How to Tie the Knot in a Frog Button

Written by sylvia cini

Skill level:


  • String


    Hold the free end of the string in your right hand so 6 to 10 inches hang from your hand. Place your left hand 3 inches away from your right hand, allow the remaining string attached to the ball to hang from your left hand.

  2. 2

    Place the string in your right hand into your left hand on top of the other string to form a small loop, about 1/4 inch in diameter. Slide your right hand toward the end of the string, so at least 3 inches of string remains.

  3. 3

    Repeat to form a second loop; you will have two loops pinched in your left hand with two lengths of thread hanging below your hand.

  4. 4

    Wrap the free end of the string over and under the other, twisting them together.

  5. 5

    Slide the loops slightly closer together until the right loop overlaps the left.

  6. 6

    Weave the free end of the string through the two loops: over, under, over, under. Pass the string over the right side of the right loop, under the right side of the left loop, over the left side of the right loop and under the left side of the left loop.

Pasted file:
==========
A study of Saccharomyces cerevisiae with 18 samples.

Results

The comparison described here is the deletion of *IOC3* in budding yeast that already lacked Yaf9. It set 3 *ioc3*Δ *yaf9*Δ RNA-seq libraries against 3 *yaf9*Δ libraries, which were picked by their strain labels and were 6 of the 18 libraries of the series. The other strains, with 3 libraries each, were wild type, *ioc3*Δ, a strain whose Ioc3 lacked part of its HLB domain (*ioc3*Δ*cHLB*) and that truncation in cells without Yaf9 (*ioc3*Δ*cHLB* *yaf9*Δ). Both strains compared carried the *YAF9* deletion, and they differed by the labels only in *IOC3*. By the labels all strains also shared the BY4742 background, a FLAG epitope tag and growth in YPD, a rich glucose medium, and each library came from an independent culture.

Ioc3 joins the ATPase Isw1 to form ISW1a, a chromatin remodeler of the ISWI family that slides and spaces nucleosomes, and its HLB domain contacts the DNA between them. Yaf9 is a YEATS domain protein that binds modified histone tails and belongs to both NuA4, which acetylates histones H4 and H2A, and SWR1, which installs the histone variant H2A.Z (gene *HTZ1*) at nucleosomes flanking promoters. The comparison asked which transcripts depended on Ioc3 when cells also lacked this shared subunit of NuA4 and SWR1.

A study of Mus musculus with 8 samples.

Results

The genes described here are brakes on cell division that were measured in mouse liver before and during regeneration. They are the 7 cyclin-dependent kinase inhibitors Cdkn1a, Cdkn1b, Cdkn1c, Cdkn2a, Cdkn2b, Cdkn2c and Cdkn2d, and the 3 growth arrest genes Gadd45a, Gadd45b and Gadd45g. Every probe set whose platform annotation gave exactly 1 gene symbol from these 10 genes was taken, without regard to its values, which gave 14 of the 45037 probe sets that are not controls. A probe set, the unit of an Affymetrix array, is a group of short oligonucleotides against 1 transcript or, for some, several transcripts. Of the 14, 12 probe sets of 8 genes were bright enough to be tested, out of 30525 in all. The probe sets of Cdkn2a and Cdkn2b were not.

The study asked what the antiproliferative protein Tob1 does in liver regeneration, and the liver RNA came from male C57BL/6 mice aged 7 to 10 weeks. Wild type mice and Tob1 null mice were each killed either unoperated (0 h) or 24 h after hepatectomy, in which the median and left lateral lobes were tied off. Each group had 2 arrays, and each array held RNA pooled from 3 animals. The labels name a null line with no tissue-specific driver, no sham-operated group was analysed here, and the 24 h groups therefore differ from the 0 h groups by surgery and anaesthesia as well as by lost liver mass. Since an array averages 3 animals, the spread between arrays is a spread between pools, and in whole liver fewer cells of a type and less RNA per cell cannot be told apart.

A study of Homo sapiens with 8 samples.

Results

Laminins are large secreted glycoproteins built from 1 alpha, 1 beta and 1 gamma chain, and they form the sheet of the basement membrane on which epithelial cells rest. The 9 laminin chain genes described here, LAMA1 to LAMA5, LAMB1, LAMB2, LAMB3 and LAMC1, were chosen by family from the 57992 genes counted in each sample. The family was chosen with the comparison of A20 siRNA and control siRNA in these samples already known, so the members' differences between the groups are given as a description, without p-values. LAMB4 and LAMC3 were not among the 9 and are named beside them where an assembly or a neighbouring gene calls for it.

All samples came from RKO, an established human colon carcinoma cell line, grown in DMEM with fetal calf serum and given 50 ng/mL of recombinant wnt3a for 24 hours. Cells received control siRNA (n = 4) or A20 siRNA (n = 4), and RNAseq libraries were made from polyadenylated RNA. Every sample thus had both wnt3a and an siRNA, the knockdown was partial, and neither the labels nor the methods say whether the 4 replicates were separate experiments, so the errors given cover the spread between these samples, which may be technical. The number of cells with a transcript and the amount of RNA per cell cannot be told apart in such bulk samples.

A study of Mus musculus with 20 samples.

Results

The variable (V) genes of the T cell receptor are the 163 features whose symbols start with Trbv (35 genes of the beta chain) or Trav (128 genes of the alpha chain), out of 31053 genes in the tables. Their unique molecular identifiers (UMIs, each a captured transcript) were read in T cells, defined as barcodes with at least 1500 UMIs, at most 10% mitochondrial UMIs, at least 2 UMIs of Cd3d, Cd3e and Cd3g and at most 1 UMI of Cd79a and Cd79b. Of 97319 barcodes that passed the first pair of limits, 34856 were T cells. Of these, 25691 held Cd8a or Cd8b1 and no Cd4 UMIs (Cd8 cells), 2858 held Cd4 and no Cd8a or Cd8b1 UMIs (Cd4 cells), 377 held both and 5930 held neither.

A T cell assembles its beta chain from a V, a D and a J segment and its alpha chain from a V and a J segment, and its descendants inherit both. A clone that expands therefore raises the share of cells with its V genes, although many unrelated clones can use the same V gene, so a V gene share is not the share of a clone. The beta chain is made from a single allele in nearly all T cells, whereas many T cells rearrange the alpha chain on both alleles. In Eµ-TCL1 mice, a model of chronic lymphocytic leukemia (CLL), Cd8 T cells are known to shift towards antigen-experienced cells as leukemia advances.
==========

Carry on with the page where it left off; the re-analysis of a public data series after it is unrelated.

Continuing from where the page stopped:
7. 7

    Pull the two ends of the string slowly, working the string in the knot until it is tight.

  8. 8

    Use the ends of the string to form the decorative frog design on the shirt or sew them directly to the shirt to accommodate a flat button hole.

Tips and warnings

  • As you improve your technique you will be able to place your right hand closer to the edge of the string. This will result in a tighter knot and less material waste.
  • To achieve a different look, double-up the string, use rope, vary the thickness and work with textured fibre.
  • You can make a matching cord to knot by cutting a strip of fabric on the bias, sewing it into a tube and using it like rope.